The confusion began about a year ago. During a conversation with producer Rob Eric (Trans-Siberian, Session 9) of Scout Productions, the guitar-shredding former member of Guns N’ Roses and Velvet Revolver proved his prowess as an aficionado of horror movies—a lifetime love. Eric called Slash the next morning and proposed a joint venture.
During the first weekend of the Sundance Film Festival, Slash and Eric and Michael Williams, also of Scout Productions, officially announced the launch of Slasher Films, a film-production company focusing on cerebral horror flicks.
Slash articulated their intent as “to not reinvent, but to re-imagine dramatic, character-driven horror films—something that’s a little more in-depth than what the past two decades of horror movies have [seen] as the norm in the mainstream—and bring back a level of sophistication,” Slash said.
Slash was turned on to the genre during the heyday he hopes to re-imagine. In the early ’70s, his mom and her girlfriend threw him in the back of a Volkswagen to see a drive-in double feature: Night of the Living Dead and The Exorcist, he recalled, and “just when they thought it’d be too heavy for me, I became a huge Linda Blair fan.”
It’s those dark, scared-shitless stories that he’s always loved. Slasher Films plans to produce two movies annually. To begin with, Eric and Williams sifted through more than 100 scripts and found four worth pursuing. “If it didn’t strike us in the first 25 pages, then we stopped reading,” Eric said. “All of our scripts are based on characters that when they get slaughtered, you’d actually care.”
Their first release, Nothing to Fear, will be filmed this summer with a release in late 2011. The tale follows a God-fearing Catholic-American family lured to a small town. To their peril, the town is one of the seven gates of hell and home to a bloodlust demon whose hunger must be satiated once a year in a sacrifice.
Wake the Dead is slated for release next. It’s a re-imagining of Frankenstein based on Steve Niles’ graphic novel, with Jay Russell slated to direct; Theorum and The Other Kingdom will follow. “These are films that horror fans would want to see and could become iconic,” Eric said, nodding to classics like The House of the Devil, The Descent and The Strangers.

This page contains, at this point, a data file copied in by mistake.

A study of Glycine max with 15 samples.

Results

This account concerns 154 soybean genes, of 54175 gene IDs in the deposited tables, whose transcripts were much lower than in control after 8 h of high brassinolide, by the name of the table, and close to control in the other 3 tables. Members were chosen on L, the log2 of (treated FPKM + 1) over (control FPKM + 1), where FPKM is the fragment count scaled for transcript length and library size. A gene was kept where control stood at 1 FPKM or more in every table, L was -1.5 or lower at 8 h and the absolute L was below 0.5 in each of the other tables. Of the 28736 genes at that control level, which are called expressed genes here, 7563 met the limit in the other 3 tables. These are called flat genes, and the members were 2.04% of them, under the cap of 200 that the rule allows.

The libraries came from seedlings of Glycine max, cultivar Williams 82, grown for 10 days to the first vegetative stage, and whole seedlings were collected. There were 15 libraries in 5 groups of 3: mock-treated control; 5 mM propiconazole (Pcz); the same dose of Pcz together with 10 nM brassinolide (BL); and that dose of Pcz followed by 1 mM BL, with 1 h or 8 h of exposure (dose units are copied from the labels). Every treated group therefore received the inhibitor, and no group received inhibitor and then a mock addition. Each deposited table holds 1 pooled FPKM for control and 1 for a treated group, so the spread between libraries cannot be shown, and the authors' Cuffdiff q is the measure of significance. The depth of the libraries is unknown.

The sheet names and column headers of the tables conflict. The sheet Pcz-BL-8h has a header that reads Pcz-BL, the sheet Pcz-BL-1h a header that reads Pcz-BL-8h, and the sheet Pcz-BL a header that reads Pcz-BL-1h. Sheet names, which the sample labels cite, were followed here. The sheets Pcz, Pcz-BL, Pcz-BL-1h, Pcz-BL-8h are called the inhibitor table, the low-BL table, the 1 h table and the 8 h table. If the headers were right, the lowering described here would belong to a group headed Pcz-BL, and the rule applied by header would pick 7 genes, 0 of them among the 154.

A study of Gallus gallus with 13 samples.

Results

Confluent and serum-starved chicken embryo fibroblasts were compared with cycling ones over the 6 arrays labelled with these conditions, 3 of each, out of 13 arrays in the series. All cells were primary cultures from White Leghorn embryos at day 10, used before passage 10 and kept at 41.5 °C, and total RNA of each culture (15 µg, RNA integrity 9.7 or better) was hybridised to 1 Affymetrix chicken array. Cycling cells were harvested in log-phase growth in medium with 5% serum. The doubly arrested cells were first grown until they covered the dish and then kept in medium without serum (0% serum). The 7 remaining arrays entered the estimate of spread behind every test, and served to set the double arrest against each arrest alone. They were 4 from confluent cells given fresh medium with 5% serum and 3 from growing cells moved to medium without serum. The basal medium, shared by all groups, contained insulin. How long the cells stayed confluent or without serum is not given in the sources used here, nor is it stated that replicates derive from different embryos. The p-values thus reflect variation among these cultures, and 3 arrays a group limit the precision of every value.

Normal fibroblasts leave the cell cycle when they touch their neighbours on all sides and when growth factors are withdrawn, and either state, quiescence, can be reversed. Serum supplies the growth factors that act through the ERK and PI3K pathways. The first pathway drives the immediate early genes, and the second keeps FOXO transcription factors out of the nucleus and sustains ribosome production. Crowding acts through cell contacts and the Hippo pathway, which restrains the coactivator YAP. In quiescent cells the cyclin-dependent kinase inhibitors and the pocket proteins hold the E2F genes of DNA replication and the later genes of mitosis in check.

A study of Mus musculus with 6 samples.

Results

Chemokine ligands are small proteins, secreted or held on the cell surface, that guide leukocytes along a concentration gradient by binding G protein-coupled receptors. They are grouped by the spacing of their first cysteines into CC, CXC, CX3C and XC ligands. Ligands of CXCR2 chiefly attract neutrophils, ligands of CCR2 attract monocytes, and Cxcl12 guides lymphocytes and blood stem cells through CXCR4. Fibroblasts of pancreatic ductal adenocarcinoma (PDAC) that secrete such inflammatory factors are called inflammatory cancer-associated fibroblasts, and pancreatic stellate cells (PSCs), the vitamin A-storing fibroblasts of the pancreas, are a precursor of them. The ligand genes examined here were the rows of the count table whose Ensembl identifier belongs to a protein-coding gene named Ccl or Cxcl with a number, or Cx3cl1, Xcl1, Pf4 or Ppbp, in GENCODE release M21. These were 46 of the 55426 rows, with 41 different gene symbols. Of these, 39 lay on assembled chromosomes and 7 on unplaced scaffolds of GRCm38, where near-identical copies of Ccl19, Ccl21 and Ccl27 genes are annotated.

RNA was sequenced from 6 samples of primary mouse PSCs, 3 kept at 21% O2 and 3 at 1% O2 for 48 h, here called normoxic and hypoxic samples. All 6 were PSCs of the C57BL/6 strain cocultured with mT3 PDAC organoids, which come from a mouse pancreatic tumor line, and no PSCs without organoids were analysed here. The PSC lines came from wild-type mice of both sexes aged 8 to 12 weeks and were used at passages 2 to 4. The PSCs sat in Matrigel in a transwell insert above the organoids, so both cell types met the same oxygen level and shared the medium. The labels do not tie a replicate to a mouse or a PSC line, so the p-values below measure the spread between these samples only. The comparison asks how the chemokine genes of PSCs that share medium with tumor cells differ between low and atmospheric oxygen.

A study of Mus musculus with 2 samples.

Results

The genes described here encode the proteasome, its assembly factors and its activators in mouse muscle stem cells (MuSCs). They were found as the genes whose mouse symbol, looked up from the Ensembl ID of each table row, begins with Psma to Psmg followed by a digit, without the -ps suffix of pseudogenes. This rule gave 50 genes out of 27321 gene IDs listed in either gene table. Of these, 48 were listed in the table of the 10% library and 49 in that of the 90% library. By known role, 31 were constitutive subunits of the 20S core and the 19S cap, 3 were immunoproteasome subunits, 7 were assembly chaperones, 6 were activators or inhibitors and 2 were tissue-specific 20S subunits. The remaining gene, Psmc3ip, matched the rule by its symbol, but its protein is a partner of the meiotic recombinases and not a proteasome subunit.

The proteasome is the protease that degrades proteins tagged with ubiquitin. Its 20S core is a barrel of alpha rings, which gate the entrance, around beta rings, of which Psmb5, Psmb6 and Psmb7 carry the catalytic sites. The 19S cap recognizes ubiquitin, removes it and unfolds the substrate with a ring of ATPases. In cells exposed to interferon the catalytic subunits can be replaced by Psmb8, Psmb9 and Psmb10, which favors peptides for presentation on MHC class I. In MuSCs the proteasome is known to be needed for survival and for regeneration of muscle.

Not merely attaching his name to the company for hype’s sake, Slash will be hands-on with most facets of production, like amending scripts, choosing directors and discussing special effects. “I have no interest in acting,” Slash said, with a laugh, adding he also has little interest, at this point, in directing, like other musical crossovers like Rob Zombie. “I want to realize a really good film and just sit in the background.” However, Slash expressed the potential of composing scores. 2009 saw his first scoring foray with independent, low-budget This is Not a Movie.
So, it seems as though Slash can safely call himself both a producer and a musician, especially because he’s still riding high with his Billboard-topping 2010 debut solo album, Slash.
Lacking a decent set of lungs, Slash gathered an entourage of guest vocalists—Ozzy Osbourne, Iggy Pop, Chris Cornell, Dave Grohl and Myles Kennedy, among others—for the album’s 14 tracks. On his album, unlike his fresh territorial ventures into movies, Slash sticks to the grinding pop-metal that made him famous. While not unpleasant, the album doesn’t quite have the white-knuckle-gripping feel that creeps and lingers like a quality horror film.
There is a parallel between the two mediums, though. “Horror movies are very rock & roll, there’s a kinship,” Slash said. “Rock has a very dark side. They’re both kind of about rebellion.”